Lisa

Nurse. Mummy. Wife. Life.

Motherly Instincts


The more I learn about it, the more amazed I am at the complexity of this relationship. There is so much fantastic and current research on the subject, because what has been discovered is how important this relationship is to the child, and basically sets the foundation for all future relationships in the child’s life.

All this learning has made me reflect on my own relationship with my son, and has made me much more aware of the real impact my actions directly have on him. Motherhood, what I am starting to realise isn’t easy, and for a lot it doesn’t come naturally. It is a skill you acquire, and build on day by day, and there is no one rule that works for everyone.

Some really important points I have learnt is that mothers are too hard on themselves, and don’t trust their own instincts. There is so much information out there- books, tv shows, websites, family and friends. It can be so overwhelming, and hard to know what is best for you. From my experience, and from what I have learnt, a baby only needs a few things to form a strong attachment to you. A baby needs love, patience, consistency, nutrition, good hygiene, and a primary carer who is sensitive, and quick to respond when a baby needs you.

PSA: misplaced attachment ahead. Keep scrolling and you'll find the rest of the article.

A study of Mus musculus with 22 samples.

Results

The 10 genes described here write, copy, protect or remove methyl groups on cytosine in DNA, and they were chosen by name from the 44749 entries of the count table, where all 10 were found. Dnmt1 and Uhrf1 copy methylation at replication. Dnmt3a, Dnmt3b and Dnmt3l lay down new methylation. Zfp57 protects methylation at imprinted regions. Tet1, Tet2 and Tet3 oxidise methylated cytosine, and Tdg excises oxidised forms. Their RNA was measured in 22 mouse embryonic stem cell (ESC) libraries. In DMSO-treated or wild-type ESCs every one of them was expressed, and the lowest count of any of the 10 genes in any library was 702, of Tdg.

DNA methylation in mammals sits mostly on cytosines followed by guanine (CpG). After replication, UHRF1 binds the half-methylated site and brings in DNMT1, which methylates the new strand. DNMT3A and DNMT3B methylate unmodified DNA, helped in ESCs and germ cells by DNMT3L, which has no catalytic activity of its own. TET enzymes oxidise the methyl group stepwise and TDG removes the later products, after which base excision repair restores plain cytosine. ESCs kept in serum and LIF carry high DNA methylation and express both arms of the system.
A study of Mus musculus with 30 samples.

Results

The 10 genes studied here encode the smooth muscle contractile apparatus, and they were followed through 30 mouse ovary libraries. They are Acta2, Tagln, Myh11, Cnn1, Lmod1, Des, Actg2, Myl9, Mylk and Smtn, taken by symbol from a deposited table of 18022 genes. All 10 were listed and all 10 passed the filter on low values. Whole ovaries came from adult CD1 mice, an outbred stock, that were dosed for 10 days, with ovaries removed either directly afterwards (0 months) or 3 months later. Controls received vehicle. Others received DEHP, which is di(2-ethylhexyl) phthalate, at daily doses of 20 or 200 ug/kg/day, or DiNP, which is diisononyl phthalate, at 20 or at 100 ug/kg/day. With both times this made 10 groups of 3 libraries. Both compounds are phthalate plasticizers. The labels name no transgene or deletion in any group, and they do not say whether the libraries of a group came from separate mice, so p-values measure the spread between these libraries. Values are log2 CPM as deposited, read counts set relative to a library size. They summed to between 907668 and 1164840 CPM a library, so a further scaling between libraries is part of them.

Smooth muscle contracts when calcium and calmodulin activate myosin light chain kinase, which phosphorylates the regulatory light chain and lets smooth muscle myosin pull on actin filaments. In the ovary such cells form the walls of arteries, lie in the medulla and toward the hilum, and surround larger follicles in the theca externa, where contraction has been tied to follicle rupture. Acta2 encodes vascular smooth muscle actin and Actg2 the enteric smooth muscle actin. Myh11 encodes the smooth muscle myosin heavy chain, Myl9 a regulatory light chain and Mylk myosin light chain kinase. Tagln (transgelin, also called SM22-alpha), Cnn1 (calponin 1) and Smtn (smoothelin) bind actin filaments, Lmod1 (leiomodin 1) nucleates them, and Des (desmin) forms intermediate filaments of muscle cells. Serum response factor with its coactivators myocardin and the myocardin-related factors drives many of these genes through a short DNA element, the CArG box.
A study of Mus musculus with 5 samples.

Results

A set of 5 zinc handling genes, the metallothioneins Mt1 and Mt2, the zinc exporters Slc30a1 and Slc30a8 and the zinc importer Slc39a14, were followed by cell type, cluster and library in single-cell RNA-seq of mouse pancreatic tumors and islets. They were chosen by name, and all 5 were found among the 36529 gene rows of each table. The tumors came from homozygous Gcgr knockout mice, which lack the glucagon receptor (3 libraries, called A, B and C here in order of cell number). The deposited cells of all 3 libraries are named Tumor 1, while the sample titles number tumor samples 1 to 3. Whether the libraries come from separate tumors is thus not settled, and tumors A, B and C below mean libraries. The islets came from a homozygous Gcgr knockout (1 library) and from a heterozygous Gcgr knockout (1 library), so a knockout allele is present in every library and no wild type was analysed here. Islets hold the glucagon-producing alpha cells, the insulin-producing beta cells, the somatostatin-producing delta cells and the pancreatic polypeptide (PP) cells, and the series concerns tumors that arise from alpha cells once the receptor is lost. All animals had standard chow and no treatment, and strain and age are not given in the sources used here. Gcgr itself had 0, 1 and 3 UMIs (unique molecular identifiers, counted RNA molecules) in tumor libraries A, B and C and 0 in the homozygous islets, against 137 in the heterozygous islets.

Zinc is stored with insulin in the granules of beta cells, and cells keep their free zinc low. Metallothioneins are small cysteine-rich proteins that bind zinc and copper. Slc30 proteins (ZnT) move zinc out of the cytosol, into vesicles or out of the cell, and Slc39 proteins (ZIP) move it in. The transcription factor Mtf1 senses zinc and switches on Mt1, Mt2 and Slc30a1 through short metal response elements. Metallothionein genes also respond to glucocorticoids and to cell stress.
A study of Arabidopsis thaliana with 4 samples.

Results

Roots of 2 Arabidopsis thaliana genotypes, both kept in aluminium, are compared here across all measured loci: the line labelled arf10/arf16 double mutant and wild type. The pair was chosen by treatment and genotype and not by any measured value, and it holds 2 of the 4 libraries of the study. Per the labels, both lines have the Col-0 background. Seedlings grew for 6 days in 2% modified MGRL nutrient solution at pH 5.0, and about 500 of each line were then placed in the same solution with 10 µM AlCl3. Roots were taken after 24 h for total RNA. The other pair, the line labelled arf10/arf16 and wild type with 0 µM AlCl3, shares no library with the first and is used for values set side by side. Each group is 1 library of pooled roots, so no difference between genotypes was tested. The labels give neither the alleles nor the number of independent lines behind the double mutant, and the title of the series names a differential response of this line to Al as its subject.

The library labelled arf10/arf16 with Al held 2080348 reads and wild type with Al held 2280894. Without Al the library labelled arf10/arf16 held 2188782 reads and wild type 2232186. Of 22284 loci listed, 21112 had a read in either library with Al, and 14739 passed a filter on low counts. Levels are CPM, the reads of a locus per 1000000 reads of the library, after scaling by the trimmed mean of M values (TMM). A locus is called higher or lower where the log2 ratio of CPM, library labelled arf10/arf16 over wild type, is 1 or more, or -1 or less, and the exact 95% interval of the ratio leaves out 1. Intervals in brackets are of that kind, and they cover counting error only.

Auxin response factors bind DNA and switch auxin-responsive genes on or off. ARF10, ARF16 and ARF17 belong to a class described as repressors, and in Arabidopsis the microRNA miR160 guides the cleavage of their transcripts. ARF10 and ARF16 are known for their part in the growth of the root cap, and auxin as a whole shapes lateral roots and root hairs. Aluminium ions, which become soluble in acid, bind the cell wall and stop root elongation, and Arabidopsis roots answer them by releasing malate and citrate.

You would think this goes without saying, but it is a struggle for some mothers, and to be honest it takes time to really get to know your baby, and be able to read the cues. I can honestly say it took about 2 months for me to get into a rhythm and really start understanding my baby.

I am no expert, but from what I have experienced and learning is that the primary-carer infant attachment is a bond like no other, and a very special one. It should be encouraged, and embraced, and primary-carers should be supported to from this strong bond. So rather than judge or criticise, try and give reassurance and positive feedback to the mothers and primary carers in your life.

Author: Lisa

Mummy to 3 under 4. Wife. Child and family health nurse.